1 hour 23 min of Latin audio in 11 audio files, plus PDF of original text (audio recording is based off the Lingua Latina Per Se Illustrata [LLPSI] series reader edited by Hans Ørberg).
Titus Maccius Plautus (254-184 BC) was a playwright of the Roman Republic whose hilarious comedies are the earliest Latin literary works to have survived in their entirety.
The Amphitryo is a particularly ridiculous affair! The themes, characters, and tropes such as mistaken identity, jealously, and redemption, are recognisable to fans of classic comedies in the modern era, from Friends to The Marriage of Figaro. The timeless nature of the subject matter and comic style make this truly ancient work eminently accessible and enjoyable.
The fun of the comedy is reflected in the voice acting: characters are vividly portrayed each with a distinct sound that makes their presence on the imaginary stage easy to imagine. This audiobook is a dramatized recording of the entire play (with a few minor abridgements). The original text of the play is attached in PDF form; the recording is based on the slightly abridged version by Ørberg for LLPSI.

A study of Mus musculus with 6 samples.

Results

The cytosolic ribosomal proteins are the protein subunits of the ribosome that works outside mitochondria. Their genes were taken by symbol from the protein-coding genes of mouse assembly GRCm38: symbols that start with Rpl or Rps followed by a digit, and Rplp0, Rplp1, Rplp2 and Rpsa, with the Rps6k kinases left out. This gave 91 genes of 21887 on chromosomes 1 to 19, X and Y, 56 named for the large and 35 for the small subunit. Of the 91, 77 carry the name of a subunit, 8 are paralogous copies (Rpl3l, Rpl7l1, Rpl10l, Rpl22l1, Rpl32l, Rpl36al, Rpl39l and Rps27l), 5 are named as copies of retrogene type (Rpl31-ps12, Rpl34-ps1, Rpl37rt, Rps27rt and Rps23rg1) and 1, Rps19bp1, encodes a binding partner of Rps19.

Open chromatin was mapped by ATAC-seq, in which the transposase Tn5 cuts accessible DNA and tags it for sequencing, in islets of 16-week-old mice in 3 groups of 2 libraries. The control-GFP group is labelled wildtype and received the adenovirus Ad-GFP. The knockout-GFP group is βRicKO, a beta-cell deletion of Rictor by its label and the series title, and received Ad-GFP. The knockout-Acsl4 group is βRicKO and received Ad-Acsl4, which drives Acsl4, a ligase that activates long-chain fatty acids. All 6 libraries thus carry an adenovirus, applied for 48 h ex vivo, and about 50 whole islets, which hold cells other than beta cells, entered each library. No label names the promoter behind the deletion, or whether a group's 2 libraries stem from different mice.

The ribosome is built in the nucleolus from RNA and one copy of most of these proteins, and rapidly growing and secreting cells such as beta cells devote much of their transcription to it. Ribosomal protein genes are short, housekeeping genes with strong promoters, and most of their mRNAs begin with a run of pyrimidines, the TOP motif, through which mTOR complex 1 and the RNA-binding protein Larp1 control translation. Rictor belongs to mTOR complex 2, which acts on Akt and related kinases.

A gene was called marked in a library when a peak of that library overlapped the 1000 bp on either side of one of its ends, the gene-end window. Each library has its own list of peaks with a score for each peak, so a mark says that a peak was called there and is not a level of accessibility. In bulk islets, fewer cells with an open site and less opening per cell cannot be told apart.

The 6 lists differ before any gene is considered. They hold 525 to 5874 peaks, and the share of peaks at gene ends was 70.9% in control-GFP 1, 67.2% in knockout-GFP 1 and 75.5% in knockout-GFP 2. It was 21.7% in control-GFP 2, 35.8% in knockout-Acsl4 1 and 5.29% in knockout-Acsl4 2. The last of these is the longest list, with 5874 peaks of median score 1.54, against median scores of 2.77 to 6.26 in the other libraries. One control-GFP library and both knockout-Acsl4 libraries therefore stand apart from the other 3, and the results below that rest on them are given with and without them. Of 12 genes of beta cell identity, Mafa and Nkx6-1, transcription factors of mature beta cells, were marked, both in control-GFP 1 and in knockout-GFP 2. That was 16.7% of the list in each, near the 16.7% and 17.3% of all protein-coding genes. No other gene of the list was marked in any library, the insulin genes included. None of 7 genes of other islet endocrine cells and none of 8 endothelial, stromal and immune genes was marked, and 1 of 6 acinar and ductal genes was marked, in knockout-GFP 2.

Synopsis (spoiler alert):
Amphitryo begins with a prologue given by the god Mercury, in which he gives some background information to the audience. Amphitryo and his slave Sosia have been away at war and are returning to Thebes. Meanwhile, the god Jupiter is sleeping with Amphitryo’s wife Alcumena. Jupiter is in the guise of Amphitryo so that Alcumena is unaware that he is not her husband.
Mercury's job is to buy his father Jupiter some time by deceiving those who would interfere. He changes his appearance to look like the slave Sosia, and when the real Sosia arrives, he beats him up and sends him away from the house. Thoroughly confused by having been beat up by himself, Sosia returns to the ship to relay what happened to his master Amphitryo.
The following morning, Amphitryo sets off for the house, annoyed by his slave's foolish sounding story. Jupiter leaves only moments before Amphitryo arrives, and when Alcumena sees her real husband, she is confused as to why he has returned. Amphitryo doesn't appreciate this strange welcome after being gone for so many months, and confusion turns to anger and jealousy after learning that she has slept with a man who is not himself.
After a long argument, Alcumena is ready to leave her untrusting husband but is stopped by Jupiter. He soon begins to set things right, and in a miraculous event, Alcumena gives birth to twin boys. One is the son of Amphitryo, the other is Hercules, the son of Jupiter. To quell Amphitryo’s anger, he explains to him what he did, and Amphitryo is then honored to have shared his wife with a god.